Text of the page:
In the early 1900s, the area including Holliday Lake State Park and the surrounding Appomattox-Buckingham State Forest had been cleared by farmers who worked the land. In 1931, the federal government, through the Farm Resettlement Administration (a Great Depression-era New Deal agency), began buying up the poverty-stricken farms to return the land to its ordinal hardwood forest. This area was known as the "Surrender Grounds Forest" in reference to the surrender of General Lee to General Grant on April 9, 1865.
Aerial View of Holliday Lake
Between 1936 and 1938, the Works Progress Administration (W.P.A., later renamed the Works Projects Administration) hired approximately 110 local men to build Holliday Lake. This was similar to the Civilian Conservation Corps. These men also built roads, the Holiday Lake 4-H Educational Center and picnic shelters in the Appomattox-Buckingham State Forest. Shelter # 1 in the park still stands overlooking the lake. This was a wonderful blessing for Appomattox and Buckingham Counties since the rate of unemployment of heads of households was nearly 100% during the depression.
Holiday Lake 4-H Center in 1938
The workers lived close enough to go home every night. They worked five days a week. They were paid $1.00 a day to work from daylight until dark. They were allowed to claim a rate of $1.05 per day for each ox, mule or horse they provided for the work. Yes, the animal made more than the man!
The work was done nine months out of the year, with no work being done in December, January or February, because it was too cold. They were provided three meals, lunch being carried to the job sites.
It was a general policy of the W.P.A. to use only hand tools on projects. One reason for this was the relatively small scale nature of the projects. They used many different kinds of hand saws to cut trees for the roads, including cross-cut saws. They used drag pans (also called drag buckets) pulled behind a mule, ox or horse and operated by handles by a man. The pan would cut into and catch the soil, the depth of the cut being varied by the angle of the handles. This dirt would be emptied much like a wheelbarrow. This was how the grading was done. The roads were made from Route 24 to the park and all throughout the Appomattox-Buckingham State Forest.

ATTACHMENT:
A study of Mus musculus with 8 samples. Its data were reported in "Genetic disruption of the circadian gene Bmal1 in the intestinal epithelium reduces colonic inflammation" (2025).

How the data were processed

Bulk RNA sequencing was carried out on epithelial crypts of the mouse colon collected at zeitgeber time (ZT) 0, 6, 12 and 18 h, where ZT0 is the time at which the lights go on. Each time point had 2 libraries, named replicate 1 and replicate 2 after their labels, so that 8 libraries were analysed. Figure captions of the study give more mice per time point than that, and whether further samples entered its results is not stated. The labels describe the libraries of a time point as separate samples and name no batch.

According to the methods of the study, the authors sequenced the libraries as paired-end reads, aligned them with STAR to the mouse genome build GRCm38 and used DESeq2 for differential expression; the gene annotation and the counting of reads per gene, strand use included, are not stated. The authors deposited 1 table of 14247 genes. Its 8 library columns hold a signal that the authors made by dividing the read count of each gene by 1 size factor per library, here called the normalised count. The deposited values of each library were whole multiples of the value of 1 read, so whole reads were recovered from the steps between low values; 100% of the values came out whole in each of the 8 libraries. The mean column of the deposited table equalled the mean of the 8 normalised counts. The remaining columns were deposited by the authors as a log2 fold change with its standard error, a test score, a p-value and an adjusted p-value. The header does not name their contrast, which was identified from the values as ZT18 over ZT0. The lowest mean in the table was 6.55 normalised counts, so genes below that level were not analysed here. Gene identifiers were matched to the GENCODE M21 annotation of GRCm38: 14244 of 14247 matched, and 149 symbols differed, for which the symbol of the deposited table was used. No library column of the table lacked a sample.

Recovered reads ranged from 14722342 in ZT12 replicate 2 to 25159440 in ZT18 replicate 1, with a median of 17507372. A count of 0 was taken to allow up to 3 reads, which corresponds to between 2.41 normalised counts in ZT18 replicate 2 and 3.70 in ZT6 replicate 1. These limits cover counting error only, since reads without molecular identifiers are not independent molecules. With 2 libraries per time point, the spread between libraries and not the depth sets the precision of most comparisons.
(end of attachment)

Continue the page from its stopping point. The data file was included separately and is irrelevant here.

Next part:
The lake side of the dam in 1938
The creek side of the dam in 1938
The dam was built by these men using concrete mixed at the site and with stones from the area. Dynamite was used to remove large stumps and also to blast through some rock at the dam site. Because there was no market for lumber at the time, trees were used in buildings and shelters. Excess limbs and trees were usually burned on site.
The water gets higher as the lake fills up
Local legend says that many farmers worked sporadically on the job, as they had time between farm work. Once all their crops were in, they would bring their animals and their tools, work for a few days and get paid cash. Certainly the money helped their families and helped them keep their farms.
Construction of a dam was begun along Fish Pond Creek, but then relocated to Holliday Creek where a larger lake could be developed. While clearing the land, family cemeteries (including the Jones Family cemetery) were discovered. If they built the dam as planned, some of these cemeteries would have been under water. The decision was made to make a smaller dam in order to preserve the cemeteries.
Holliday Lake was completed in 1938 and used as a day use recreation area. It was managed by the U. S. Department of Agriculture. Mostly locals came to fish, hike, picnic, boat and swim in the lake.
Shelter # 1
When you come to the park, take a moment to think about these young men from the area who worked hard to build this beautiful place for us to enjoy. If you examine the structure of Picnic Shelter # 1 you will see their handiwork. It was a very good thing they did.
Drive Time: Northern Virginia, three and a half hours; Richmond, two hours; Tidewater/Norfolk/Virginia Beach, four hours; Roanoke, two hours. Click here for a map.